Rare Porcelain Display (page 3)



U-939D, U-939C with manufacturing date of Dec. 22 1900, and U-964B

After the fire, the 4-date markings and manufacturing date marking were not used again.  Apparently the marking devices were destroyed in the fire.  These were replaced with 6-date markings, #6-1 and #6-2, and later by the 7-date marking, #7-1 with the addition of the June 17, 1902 patent date. Most of the insulators made before 1904 have a tan or rich light brown glaze characteristic of using local glaze. Specimens of some of the same styles made by EPMC with under-glaze ink markings have been found at the Victor dump, which may indicate the same under-glaze ink marking device used at EPMC was then being used at the Victor factory after the bankruptcy of EPMC in 1901. 


The crude "Locke Model" was struck over the glaze with the #6-3 marking ink stamp by Fred Locke a few years after it was made in early 1898.

The famous "Locke Model", which was given to Jack Tod by the Victor plant manager in the early 1970's, has the #6-3 stamped on top of the glaze. This suggests that Fred Locke himself stamped the insulator and he probably had the marking device at Victor simply stamping the model that was made a few years earlier in early 1898. The “Locke Model” is an experimental glazed clay insulator made by Fred Locke probably in John Lapp, Sr.'s experimental kiln at Honeoye Falls, NY, just down the road from Victor. It was undoubtedly made as an experiment just before the Victor factory was built in the summer of 1898. 

Fred Locke's display at the 1904 St. Louis Worlds Fair.

Some insulators were made with a white glaze, which was actually a clear glaze over the white porcelain body. This is similar to what EPMC and Imperial used on their twice-fired insulators. The clay insulator body was first fired at a high temperature to fuse the clay into porcelain. After cooling, the insulator was then dipped in glaze, dried, and fired again, but at a lower temperature. All of the insulators made at the Victor factory were single fired, which was a new development in the industry around 1898.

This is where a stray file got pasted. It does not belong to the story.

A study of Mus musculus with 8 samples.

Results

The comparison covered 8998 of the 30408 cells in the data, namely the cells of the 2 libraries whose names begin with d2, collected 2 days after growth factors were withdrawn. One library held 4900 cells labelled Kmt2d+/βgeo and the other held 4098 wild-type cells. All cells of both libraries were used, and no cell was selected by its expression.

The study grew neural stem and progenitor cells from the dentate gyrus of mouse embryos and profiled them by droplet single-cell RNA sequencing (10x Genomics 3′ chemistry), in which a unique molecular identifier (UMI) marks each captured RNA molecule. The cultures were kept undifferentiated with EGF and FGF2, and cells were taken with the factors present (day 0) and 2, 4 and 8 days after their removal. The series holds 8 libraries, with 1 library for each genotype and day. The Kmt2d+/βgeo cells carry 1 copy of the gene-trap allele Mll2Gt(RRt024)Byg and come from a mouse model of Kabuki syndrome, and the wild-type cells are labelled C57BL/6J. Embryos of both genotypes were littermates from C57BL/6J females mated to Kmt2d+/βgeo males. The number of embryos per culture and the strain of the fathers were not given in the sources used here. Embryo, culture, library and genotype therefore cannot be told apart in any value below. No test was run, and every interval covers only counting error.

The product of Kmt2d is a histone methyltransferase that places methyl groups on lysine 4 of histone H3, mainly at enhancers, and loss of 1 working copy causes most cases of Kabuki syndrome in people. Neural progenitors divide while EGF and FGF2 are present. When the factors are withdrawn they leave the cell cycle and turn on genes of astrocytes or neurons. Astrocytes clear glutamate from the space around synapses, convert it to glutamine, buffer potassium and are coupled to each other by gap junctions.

U-55A, U-40, U-38 "GLEN" with marking detail, U-242, and U-380.


Fred Locke insulators in the display that were made by glazewelding two or three shells together are: U-196, U-923F, U-927, U-927B, U-939C, U-939D, U-941A, U-955, U-957, and U-957A. Many of the crowns of larger cable-top Fred Locke insulators were made separately and hand-applied in much the same manner as putting a handle on a teacup. Most notable style with this feature is M-2795, which also had the collar glazewelded underneath the top disk.

U-957A and U-957.  Both have the incuse 7-date marking #7-1.

The specimen of U-957 is the only one know. It holds a special meaning to me.  While researching in 1993 for my book about Fred Locke, Fred M. Locke: A Biography, I visited with two of Fred Locke's granddaughters in New York, Virginia Norton (age 85) and Inez Locke (age 83).  In Inez's home was the little U-957 sitting upside-down on a table near the telephone.  In in were several pencils.  I asked to see the unusual pencil holder and recognized it right away as a new style made using Fred Locke's May 7, 1907 patent.  A 7-date incuse marking was struck on top, which was partially obscured by the thick, dark tan glaze.  Several years later Inez passed away.  Virginia was blind at this time.  I received a package from her with a note inside saying that Inez had knocked off the insulator and broken it.  Virginia picked up the pieces and put them in a plastic bag.  Knowing my interest a few years earlier, she thought I might would like to have the insulator.  Only the skirt was broken and the pieces glued together nicely.

Fred Locke's 7-date incuse marking, #7-1.